But GW student-athletes and the athletic department have been gearing up for the 2020 election since the summer. The department rolled out the #OnlyatGW Voting Initiative in July to help student-athletes register to vote and learn more about issues related to the election through a database of resources, and several other teams participated in a letter-writing campaign last month to encourage voting.
Here is how the athletic department has been preparing for the upcoming election:
Voter registration program
Since debuting the initiative in July, at least five programs have publicly announced 100 percent voter registration.
Created by a team of student-athletes, coaches and staff, #OnlyatGW provided resources for voter registration and hosted a speaker series featuring former School of Media and Public Affairs Director Frank Sesno and former athletes who now work in politics.
Maddie Loder, a junior on the women’s basketball team, was one of three student-athletes leading the program’s creation. She was joined alongside junior gymnast Olivia Raymond and Student-Athlete Advisory Committee President and junior women’s rower Lauren Bennett.
“We’re trying to make sure that not only are we educating people on who they can vote for, but we want to give people a safe space where they can learn and understand figure out on their own what their views are and who they think is the best person to carry on those views in their local, state and national elections,” Loder said in the initial press release.
Since July, programs have highlighted the initiative on social media. In a pinned video posted Aug. 25 on its Twitter account, men’s basketball pledged its commitment to 100 percent voter registration. The squad challenged Georgetown, Virginia, American, George Mason and VCU to also actively participate in the upcoming election cycle.
Women’s rowing tweeted Oct. 5 that 100 percent of its team had registered to vote. Women’s basketball also reported 100 percent voter registration Oct. 8. Two days later, men’s rowing tweeted that everyone on its roster, which includes representation from five countries, was registered to vote in their native country. Volleyball announced Oct. 20 that the program logged 100 percent voter registration.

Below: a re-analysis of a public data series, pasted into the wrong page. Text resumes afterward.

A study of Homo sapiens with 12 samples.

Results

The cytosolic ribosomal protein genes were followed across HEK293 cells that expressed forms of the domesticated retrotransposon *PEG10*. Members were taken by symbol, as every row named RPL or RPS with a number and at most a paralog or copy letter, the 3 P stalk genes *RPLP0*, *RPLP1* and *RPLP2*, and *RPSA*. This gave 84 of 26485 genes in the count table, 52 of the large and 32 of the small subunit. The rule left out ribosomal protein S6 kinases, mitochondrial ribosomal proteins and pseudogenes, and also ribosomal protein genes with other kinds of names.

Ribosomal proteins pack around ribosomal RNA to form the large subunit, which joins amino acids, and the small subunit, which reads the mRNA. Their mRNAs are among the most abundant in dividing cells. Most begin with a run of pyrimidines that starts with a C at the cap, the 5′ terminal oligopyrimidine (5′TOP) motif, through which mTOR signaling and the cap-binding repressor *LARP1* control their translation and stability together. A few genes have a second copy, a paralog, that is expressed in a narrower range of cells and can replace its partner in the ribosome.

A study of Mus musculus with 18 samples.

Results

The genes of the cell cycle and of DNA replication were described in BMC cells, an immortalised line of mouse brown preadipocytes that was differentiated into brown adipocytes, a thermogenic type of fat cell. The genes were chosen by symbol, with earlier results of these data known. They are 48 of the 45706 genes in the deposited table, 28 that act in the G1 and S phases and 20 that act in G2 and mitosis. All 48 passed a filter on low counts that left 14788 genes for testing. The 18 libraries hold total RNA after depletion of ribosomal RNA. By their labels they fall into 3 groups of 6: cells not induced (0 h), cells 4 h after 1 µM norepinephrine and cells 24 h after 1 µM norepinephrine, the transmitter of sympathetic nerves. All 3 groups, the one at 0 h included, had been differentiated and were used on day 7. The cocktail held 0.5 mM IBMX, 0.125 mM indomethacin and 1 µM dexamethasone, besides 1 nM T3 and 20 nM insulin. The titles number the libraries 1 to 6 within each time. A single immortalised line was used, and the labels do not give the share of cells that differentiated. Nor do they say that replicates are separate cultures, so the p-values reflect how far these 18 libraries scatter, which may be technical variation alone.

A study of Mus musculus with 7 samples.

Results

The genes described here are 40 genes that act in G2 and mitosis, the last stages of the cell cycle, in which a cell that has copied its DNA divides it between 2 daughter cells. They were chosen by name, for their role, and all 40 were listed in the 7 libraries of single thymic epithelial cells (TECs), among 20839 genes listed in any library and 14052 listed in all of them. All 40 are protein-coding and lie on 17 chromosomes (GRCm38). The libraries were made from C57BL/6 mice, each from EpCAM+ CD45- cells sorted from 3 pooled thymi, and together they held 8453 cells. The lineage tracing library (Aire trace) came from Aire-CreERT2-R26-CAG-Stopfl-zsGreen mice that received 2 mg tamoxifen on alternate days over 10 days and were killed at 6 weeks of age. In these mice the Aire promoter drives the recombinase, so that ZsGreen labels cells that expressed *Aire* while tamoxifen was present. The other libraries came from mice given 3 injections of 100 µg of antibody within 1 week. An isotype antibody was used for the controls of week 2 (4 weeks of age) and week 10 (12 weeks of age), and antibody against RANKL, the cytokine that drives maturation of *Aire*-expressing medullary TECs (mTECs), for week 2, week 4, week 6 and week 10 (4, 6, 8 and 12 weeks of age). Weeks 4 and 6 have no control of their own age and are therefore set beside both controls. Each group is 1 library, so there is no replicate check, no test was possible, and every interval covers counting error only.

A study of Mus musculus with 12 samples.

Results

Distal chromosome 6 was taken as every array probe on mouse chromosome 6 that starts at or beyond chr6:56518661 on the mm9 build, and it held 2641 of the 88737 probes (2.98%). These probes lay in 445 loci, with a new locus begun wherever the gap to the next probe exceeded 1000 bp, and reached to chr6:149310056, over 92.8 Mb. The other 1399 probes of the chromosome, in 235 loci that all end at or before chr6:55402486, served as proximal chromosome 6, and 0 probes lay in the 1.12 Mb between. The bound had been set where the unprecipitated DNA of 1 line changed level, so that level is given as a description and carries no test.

Other GW programs – golf, softball, gymnastics, men’s and women’s soccer, sailing, men’s and women’s swimming and diving, men’s and women’s tennis and men’s and women’s cross country and track and field – promoted the program on Twitter but did not announce their own registration rate.
The athletic department also posted quotes from 10 student-athletes regarding the importance of voter participation.
“Voting for me is just a statement that my opinion matters,” said Beth Ellinport, a junior midfielder on the women’s soccer team. “Voting, although a subtle act, is almost a weapon against political indifference.”
Student-athletes from four programs – women’s basketball, men’s and women’s rowing and gymnastics – participated in a letter-writing campaign Oct. 17, according to a press release.
The campaign, dubbed the “Hour of Action,” involved writing letters to elected officials and potential voters. Women’s basketball forward and sophomore Faith Blethen orchestrated the event after her team met with Gabby Williams, a WNBA forward and social justice advocate.
“With the letter writing that we did, a lot of that idea came from her,” Blethen said in the release. “She said, ‘You can use your voice to start communicating with people who are in positions of power.'”
The squads penned about 1,000 letters to potential voters and political officials, like home-state senators. Vote Forward provided each student-athlete a template and list of names to address voters, the release states.
The effort was a collaboration with Vote Forward, a nonprofit that seeks to increase voter turnout for underrepresented communities. Members of the organization call on volunteers to inform registered voters on the election process and encourage them to vote, its website states.
Programs at GW have also gotten involved in fighting for social justice. The athletic department and more than a dozen teams spoke out against racial injustice in the wake of George Floyd’s murder. Women’s basketball players, the men’s basketball program and head coaches from both teams have also formed coalitions, joined organizations and used their platform to combat social injustice.
Students-athletes who participated in the event distanced in the Smith Center in accordance with COVID-19 safety measures. The gymnastics program participated remotely, the release states.
“It was very cool to see fellow teams getting together and doing the exact same thing to use our collective voice,” sophomore rower Aidan Rowland said in the release. “It proves that even though we’re limited in certain ways, we can still find ways to try and affect meaningful changes.”